Diary of Charles Francis Adams, volume 5

Thursday. 30th. CFA Thursday. 30th. CFA
Thursday. 30th.

Dull morning but it afterwards cleared away. I remained at Quincy. In the hope of improving my time better, I this day moved my place of study to the Office, and devoted a considerable portion of the morning to reading the first Chapter of Neale’s History of the Puritans.1 My winter’s examination of English History has given me a pretty good idea of the subject of this book. Yet I may here pick up bits.

I take up the work as preparatory to a general view of American History which it is highly necessary for me to take. The very extraordinary slowness of my father in doing any thing with the Papers which were a legacy to him for the purpose of using, and his perceptible 97advance in age warn me of the necessity of gathering what I may for some distant occasion.2 My present leisure could not be better employed.

I have finished the Epistles of Horace and begin the Epodes. Afternoon, a walk to Payne’s hill in quest of rent. I pick it up by driblets. It is hardly worth the trouble—I mean my Commission for which I do it. Evening, Madame de Sevigné and the Observer.

1.

Daniel Neal’s History of the Puritans ... to 1688 is in MQA in an edition in 5 vols., Newburyport, Portsmouth, and Boston, 1816–1817.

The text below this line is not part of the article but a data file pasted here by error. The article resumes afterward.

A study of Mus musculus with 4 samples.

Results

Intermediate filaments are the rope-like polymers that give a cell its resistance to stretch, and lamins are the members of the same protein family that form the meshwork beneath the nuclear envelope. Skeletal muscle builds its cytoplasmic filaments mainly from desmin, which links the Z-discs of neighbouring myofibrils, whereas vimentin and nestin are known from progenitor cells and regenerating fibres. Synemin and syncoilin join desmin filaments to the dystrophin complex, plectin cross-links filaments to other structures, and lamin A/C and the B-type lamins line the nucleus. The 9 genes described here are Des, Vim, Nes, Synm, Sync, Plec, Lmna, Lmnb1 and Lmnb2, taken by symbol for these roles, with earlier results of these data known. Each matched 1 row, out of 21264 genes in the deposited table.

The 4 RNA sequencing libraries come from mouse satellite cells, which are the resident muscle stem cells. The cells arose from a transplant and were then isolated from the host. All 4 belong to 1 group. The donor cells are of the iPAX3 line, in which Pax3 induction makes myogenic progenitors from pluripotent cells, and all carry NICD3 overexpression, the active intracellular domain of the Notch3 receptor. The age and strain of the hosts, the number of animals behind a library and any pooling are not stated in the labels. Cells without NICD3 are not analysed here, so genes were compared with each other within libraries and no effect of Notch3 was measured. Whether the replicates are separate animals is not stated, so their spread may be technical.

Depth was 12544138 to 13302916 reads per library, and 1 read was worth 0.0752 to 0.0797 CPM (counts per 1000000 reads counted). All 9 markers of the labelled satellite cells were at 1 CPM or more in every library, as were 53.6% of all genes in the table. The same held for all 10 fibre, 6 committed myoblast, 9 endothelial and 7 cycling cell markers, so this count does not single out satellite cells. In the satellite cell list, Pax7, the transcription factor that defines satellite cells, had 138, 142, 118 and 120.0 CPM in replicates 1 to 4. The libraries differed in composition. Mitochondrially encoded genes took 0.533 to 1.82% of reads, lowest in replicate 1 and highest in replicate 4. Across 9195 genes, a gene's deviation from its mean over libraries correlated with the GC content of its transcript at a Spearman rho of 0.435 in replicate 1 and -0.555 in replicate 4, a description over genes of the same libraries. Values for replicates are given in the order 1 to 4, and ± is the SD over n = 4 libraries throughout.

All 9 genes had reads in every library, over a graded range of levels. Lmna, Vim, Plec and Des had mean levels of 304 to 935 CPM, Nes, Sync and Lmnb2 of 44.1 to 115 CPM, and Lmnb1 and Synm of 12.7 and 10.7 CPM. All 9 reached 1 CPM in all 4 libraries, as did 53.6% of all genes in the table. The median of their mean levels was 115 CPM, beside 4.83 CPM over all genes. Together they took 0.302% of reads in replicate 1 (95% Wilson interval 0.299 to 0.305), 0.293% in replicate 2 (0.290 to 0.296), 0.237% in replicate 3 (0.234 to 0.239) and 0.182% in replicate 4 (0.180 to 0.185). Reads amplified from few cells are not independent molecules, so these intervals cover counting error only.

2.

Upon his retirement from the Presidency, JQA had projected as an occupation for himself the writing of a biography of JA and had in a desultory fashion, under CFA’s persistent urging, composed some of it. However, he never summoned the necessary enthusiasm for the task and was drawn ever farther away from it by his return to the political arena (see vol. 3:257; 4:175, 352).

Friday. 31st. CFA Friday. 31st. CFA
Friday. 31st.

Fine morning. I went to town. My time was consumed at the Gallery, in my performance of Commissions and at the Office. I met at the first several acquaintances and did not enjoy myself as much as when I am entirely alone. Pictures require a perfectly quiet, contemplative mood. They call for the exercise of imagination. I might sit and enjoy some single pictures for hours. One thing however strikes me, which is the disagreeable contrast between the old and the new pictures. There is a want of tone in most of these which is manifested very much. A fury of colouring that regards little but the most unpractised eye. We are behind in Painting in this Country.

Saw Mr. Frothingham for a moment, and called at Mr. Brooks’s. Then out of town. Afternoon, reading Horace. Interrupted by a visit from Miss Julia Gorham and her brother. In the evening also Mr. Whitney with his two daughters were here.

Finding that according to my present mode of life my Journal is interrupted, I brought it to Quincy with me and was engaged in bringing up the Arrears of it. Elizabeth C. Adams spent the day here. She looks better than I expected to see her. But she seems to be in a bad way. Her situation is one of an unpleasant character. Contracted in marriage for many years, and likely to remain so indefinitely.1 Read Madame de Sevigné and the Observer.

1.

To ECA’s other problems was added the threat of tuberculosis. “She is in a very bad way. She has been ordered to ride on Horseback and stays with Mrs. Miller to ride at the manage. Mrs. M. has been a Mother to her. Gourgas goes on as usual. He has not been near us” (LCA to JA2, 25 May, Adams Papers).